Saying Goodbye

Nathan is working on his primary music lesson for tomorrow:


He sits amidst oxygen tanks and boxes of music for violin, cello, and piano.

We have no furniture left here, except for a few pieces left to go to storage.

It is a mess, in part because moving is crazy and in part because the children tried so hard to “help” and in part because Kyrie pulls everything out of boxes as fast as we get things packed.

I can’t believe we are really moving, and I can’t believe we only found out two weeks ago.

Well, we were prompted in February, at Mary’s sealing, to prepare to move quickly.

Even to Cincinnati.

So we worked and worked for months cleaning out the house and getting rid of foster things we no longer needed.

But nothing in Cincinnati panned out, no matter how hard we tried.

We thought maybe it meant more generally, and tried Utah, but everything fell through there.

We almost got jobs in New York and Connecticut, and then it didn’t work at the last minute.

It was one wall after another, and we couldn’t get to Cincinnati or anywhere else.

Until suddenly we found out all three second graders could go to deaf school together as only day students if we moved to the district in Tulsa.

And then the little ones got in deaf preschool.

And then I got assigned to finish my chaplaincy residency in Tulsa, which had been interrupted a year ago when the baby was life flighted to Cincinnati.

And the only house available was a tiny little blue house on Cincinnati street.

How crazy is that?!

So we found all this out one day, found the house the next day, and confirmed we got the house and the kids in their schools the next day.

Boom.

So we are moving, we found out.

Like right now.

It reminds me of that time right after we got married, and we found out we were going to Israel the very next day.

Goodness, we live in some kind of tornado swirl of exhausting excitement.

But Heavenly Father is good to us and helped us work out the details, and parents and friends sacrificed hours and hours and whole days to help while we got the new house ready, and more came today to help move furniture, and it leaves me in awe.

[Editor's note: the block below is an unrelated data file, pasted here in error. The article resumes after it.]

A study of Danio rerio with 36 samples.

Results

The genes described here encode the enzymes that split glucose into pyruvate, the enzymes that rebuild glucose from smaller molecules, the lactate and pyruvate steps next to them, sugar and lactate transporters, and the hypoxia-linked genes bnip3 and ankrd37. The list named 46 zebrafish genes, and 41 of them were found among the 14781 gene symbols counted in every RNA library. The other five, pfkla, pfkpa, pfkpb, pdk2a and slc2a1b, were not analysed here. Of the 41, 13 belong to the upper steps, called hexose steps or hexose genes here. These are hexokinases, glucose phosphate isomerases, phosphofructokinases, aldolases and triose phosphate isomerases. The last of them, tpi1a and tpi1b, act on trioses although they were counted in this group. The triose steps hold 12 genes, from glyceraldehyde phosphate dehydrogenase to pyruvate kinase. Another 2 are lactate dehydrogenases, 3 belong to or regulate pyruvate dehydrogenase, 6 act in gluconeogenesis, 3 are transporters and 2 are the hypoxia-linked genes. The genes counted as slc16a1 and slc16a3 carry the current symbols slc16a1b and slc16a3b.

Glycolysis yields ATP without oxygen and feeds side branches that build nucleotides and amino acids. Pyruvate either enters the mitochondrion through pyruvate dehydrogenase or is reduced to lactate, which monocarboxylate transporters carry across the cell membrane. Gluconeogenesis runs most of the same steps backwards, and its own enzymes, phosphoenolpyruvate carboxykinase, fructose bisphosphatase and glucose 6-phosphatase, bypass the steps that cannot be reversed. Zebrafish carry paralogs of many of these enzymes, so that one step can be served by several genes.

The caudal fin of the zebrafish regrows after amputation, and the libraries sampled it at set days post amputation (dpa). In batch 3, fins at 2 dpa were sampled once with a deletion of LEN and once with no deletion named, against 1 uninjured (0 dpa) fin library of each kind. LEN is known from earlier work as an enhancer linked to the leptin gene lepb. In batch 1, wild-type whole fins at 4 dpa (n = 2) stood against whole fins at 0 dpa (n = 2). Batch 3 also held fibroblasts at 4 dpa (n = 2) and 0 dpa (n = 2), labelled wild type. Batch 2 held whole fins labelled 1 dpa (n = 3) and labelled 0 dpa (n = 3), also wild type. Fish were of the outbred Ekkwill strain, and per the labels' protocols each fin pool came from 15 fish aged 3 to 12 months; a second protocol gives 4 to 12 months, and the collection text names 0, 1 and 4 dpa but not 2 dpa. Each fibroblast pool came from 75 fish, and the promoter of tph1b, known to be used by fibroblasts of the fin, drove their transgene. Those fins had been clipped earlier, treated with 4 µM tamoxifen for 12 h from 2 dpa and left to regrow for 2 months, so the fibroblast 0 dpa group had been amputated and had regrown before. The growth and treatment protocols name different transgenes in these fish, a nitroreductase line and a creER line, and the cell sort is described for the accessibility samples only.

We are so excited because it is so good for our family, though the chaos and changes has been hard on the children who so depend on routine.  We will get settled in the new house tomorrow, and go on lock down without visitors for a little bit to give them time to settle and adjust and get started in their new schools before adding in any more excitement.  They are doing great, but it is really hard on them.

It’s also hard on all of us to leave this place.

This is where we came to cry after my parents died.

This is where we had one more final miscarriage.

This is where we adopted our first two fosters, found out Kyrie was coming, and gathered our last three adoptees.

This is where they all became siblings, where we became a family.

This is where we fought cancer.

This is where we wrote a book.

This is where we loved and laughed and learned.

And tomorrow we say goodbye.


I am a member of The Church of Jesus Christ of Latter-day Saints since 2009. I serve as a Chaplain, and work as a counselor. I got bilateral cochlear implants in 2010, but will always love sign language. I choose books over television, and organics over processed. Nothing is as close to flying as ballroom dancing - except maybe running, when in the solo mood. I would rather be outside than anywhere else, especially at the river riding my bike or kayaking. PhD in Marriage and Family Therapy, and currently doing a post-doc in Jewish Studies and an MDiv in Pastoral Counseling. The best thing about Emily World is that it's always an adventure, even if (not so) grammatically precise. The only thing better than writing is being married to a writer. Nathan Christensen and I were married in the Oklahoma City temple on 13 October 2012, and have since fostered more than eighty-five children. We have adopted the six who stayed, and are totally and completely and helplessly in love with our family. Nathan writes musical theater, including "Broadcast" (a musical history of the radio) and an adaption of Lois Lowry's "The Giver". He served his mission in South Korea, has taught song-writing in New York City public schools, and worked as a theater critic for a Tucson newspaper. This is not an official Web site of The Church of Jesus Christ of Latter-day Saints.